Before America had car culture, it had the train.
Southern states blocked railway expansion until the Civil War, but after the conflict, change happened fast. The first transcontinental railroad was completed in 1869. For many years afterward, the easiest way to travel cheaply and affordably was by train. The railroad brought passengers to cities, carried the mail, and provided reliable, pensioned employment for generations of African-American men, helping fuel the Great Migration.
The train was more than a way to travel; it fueled permanent cultural change.
And just like the automobile, the train found its way into pop culture.
In its most famous version, Glenn Miller’s swinging arrangement, “Chattanooga Choo Choo” starts out with the bright, positive spark of an open journey. The shoeshine boy will help you to the right track, and you can go from New York down all the way to Tennessee. Harry Warren and Mack Gordon, the songwriting team behind “At Last,” created a song with clever lyrics and the ability to swing.
But the swing didn’t happen without Glenn Miller.
Miller was a Big Band legend, the dominant chart-topper from 1939–42, and the only recording artist to score 16 number-one records and 69 top ten hits in just four years. His singles, including instant classics “In the Mood” and “Moonlight Serenade” still evoke their era. Miller was derided in his time (and sometimes even now) as “too commercial,” but he had plenty of defenders, and Louis Armstrong carried his recordings when he went on tour.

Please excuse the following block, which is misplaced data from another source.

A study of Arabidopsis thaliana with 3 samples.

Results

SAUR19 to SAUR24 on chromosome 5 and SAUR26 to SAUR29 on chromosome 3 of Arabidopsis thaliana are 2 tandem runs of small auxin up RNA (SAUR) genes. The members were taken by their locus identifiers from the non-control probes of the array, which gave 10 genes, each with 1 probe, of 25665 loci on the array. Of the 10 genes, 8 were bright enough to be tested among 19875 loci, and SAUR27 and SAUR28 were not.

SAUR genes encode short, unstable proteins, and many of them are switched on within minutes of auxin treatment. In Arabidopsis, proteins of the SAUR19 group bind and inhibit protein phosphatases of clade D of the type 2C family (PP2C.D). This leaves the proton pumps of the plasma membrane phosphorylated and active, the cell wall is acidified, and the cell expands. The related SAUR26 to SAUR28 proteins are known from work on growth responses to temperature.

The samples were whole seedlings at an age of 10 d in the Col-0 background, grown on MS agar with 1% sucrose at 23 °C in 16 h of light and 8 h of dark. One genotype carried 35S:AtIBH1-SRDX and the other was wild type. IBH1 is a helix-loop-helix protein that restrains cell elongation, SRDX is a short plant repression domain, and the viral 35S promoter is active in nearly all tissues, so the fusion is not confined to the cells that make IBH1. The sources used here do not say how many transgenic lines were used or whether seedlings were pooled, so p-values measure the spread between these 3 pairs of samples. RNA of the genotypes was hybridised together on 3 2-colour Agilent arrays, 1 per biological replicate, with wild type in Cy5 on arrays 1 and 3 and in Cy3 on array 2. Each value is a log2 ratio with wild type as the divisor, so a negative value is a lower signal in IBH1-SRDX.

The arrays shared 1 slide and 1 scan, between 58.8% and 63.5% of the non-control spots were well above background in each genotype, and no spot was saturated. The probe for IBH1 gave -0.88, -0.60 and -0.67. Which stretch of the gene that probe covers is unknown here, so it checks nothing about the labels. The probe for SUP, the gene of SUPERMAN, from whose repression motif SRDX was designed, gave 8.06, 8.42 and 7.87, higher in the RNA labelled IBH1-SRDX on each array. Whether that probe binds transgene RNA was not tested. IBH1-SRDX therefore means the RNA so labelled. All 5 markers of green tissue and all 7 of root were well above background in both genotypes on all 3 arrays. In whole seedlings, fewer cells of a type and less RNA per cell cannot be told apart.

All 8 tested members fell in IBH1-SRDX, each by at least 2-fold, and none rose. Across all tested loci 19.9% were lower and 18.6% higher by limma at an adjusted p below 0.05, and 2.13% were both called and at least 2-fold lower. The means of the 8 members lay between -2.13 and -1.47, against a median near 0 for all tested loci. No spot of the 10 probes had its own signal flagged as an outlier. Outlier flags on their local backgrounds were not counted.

“Chattanooga Choo Choo”’s orchestration might be gimmicky, but it’s effective. The horns mimic railway whistles, echoing the lyrics. Cab Calloway and his orchestra also made a damn fine recording of the song (with a slyer, better vocal), but they don’t put you on the train the same way Miller’s arrangement does. “Chattanooga Choo Choo” was so successful that it became the first gold record in history, selling 1.2 million copies.
Other covers include Bill Haley and the Comets, and even Barry Manilow singing over Miller’s orchestration.
Sun Valley Serenade, the debut of “Chattanooga Choo Choo,” was one of only two movies where Miller appeared with his orchestra (though Miller himself appeared in several others). Just a year later, Miller would volunteer for the United States Armed Services, leading the Army Air Force Band. He and two other officers disappeared over the English Channel in December 1944, and the plane was never found.
His legacy continued, of course, his orchestrations adding vintage flavor to historical movies and still being played at parties. The Army Air Force Band was disbanded, but was eventually reconstituted, and led to the performing military bands that continue in the United States to this day. And who knows? With the election of Joe Biden, perhaps the country will begin to embrace train travel again. Everything comes around again, sooner or later.
Bonus track: If you know the lyrics are familiar and can’t remember why, the answer is Young Frankenstein.